Non-Compete Agreements Leave Some Workers With Fewer Options
Mike Ivey has a competitive nature. He's completed 29 Birkebeiner cross country ski marathons, and with extra time to hit the snow now that he's mostly retired, he doesn't plan on slowing down anytime soon.
So it went against those years of racing experience when Madison's Capital Times newspaper asked Ivey to sign a non-compete agreement as part of the buyout he took after three decades as a reporter.
"I think some of my competitiveness in sports led me to the news business," Ivey said on a recent afternoon while waxing his skis for an upcoming event. "Being a competitive reporter I wanted to get the scoop. So that really drove me for a long time in the newspaper business. I started as a sports writer."
The paper asked him to sign a non-compete agreement lasting six months, Ivey recalled, and he was unsure what to do.
"I didn't really want to rock the boat too much and ruin my severance package. But then I called a friend who is a lawyer, and she said those non-compete agreements are really hard to enforce. And then I thought, 'I'm not going to sign it,'" Ivey said.
The paper's executive editor, Paul Fanlund, declined to comment on personnel matters and wouldn't say if such agreements are standard practice.
In Ivey's case, he didn't suffer any repercussions for refusing to sign and has been able to write as a freelancer for other publications. But for others, a non-compete can mean lost income and, for companies, it may reduce their ability to find qualified workers. Additionally, employees who want to leave and start their own business in the same field or geographic area may not be able to do so.
Such agreements are part and parcel of many jobs, everything from fast food joints to tech startups. In March 2016, the U.S. Department of the Treasury's Office of Economic Police estimated 1 in 5 workers in the United States had a non-compete agreement.
Joe Kirgues runs gener8tor, a Wisconsin-based business accelerator that invests in startups that rely on digital technology, and he argues non-competes put up roadblocks for would-be entrepreneurs and stifle state job growth.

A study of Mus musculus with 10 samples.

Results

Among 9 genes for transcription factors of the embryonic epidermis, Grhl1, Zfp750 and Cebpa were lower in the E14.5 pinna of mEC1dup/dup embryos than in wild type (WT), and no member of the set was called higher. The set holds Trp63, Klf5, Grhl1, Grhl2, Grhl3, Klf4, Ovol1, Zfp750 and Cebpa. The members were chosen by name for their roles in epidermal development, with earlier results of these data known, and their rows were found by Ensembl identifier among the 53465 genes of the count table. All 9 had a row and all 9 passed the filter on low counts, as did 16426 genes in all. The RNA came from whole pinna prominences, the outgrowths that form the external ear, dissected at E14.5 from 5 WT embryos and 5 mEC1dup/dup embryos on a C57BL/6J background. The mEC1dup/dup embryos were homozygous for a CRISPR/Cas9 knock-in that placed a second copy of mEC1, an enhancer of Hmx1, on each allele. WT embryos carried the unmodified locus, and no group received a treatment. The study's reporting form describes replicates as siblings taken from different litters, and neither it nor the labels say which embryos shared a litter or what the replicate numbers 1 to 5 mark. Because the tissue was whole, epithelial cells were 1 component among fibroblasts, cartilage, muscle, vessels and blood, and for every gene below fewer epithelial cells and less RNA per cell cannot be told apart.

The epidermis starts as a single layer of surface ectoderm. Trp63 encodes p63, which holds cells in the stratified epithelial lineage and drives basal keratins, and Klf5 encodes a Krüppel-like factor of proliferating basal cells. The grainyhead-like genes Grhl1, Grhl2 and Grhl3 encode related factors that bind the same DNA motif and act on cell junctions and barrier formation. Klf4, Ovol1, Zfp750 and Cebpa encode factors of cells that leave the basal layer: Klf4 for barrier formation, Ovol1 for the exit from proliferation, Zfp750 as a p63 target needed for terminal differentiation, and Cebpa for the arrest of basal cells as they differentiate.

"The arguments for us is the free market," he said. "We think that competition has been a hallmark of American success. And if you’re looking to foster competition, I don’t think you accomplish that by enforcing an agreement whose title begins with the word 'non-compete.'"
Kirgues was an outspoken opponent of a proposed change to state law in 2015 that would have expanded the scope of non-compete agreements in Wisconsin, making them more favorable to businesses. Wisconsin Manufacturers and Commerce was in favor of the law. The group did not respond to requests for comment for this story.
More recently, President-elect Donald Trump drew controversy for having strict non-compete clauses for his campaign workers.
Prior to that, President Barack Obama was going a different direction. In October, the White House announced a new effort to curb the use of unnecessary non-compete agreements that "come at the expense of wage growth, entrepreneurship and broader economic growth."
Martin Ganco, an associate business professor at the University of Wisconsin-Madison, is part of a nationwide effort to find out how widespread non-competes are, which industries use them, and how they impact companies, workers and the overall economy.
"There has not been a lot of good data about non-competes," Ganco said. "So we don’t really understand how non-competes work, how they're used, why firms use them or even why firms don't use them when they have the opportunity to use them."
Ganco said they'll have results from their survey of businesses in the spring.
Meanwhile, hope springs eternal for those like Kirgues. He'd like non-competes repealed or scaled back. Through statute and common law, Kirgues said, California has virtually banned all non-compete agreements.
The likelihood of that happening nationally may have been better under the soon-to-be previous administration. Trump has threatened to repeal many of Obama's executive orders, possibly including those focused on non-compete agreements in the workplace.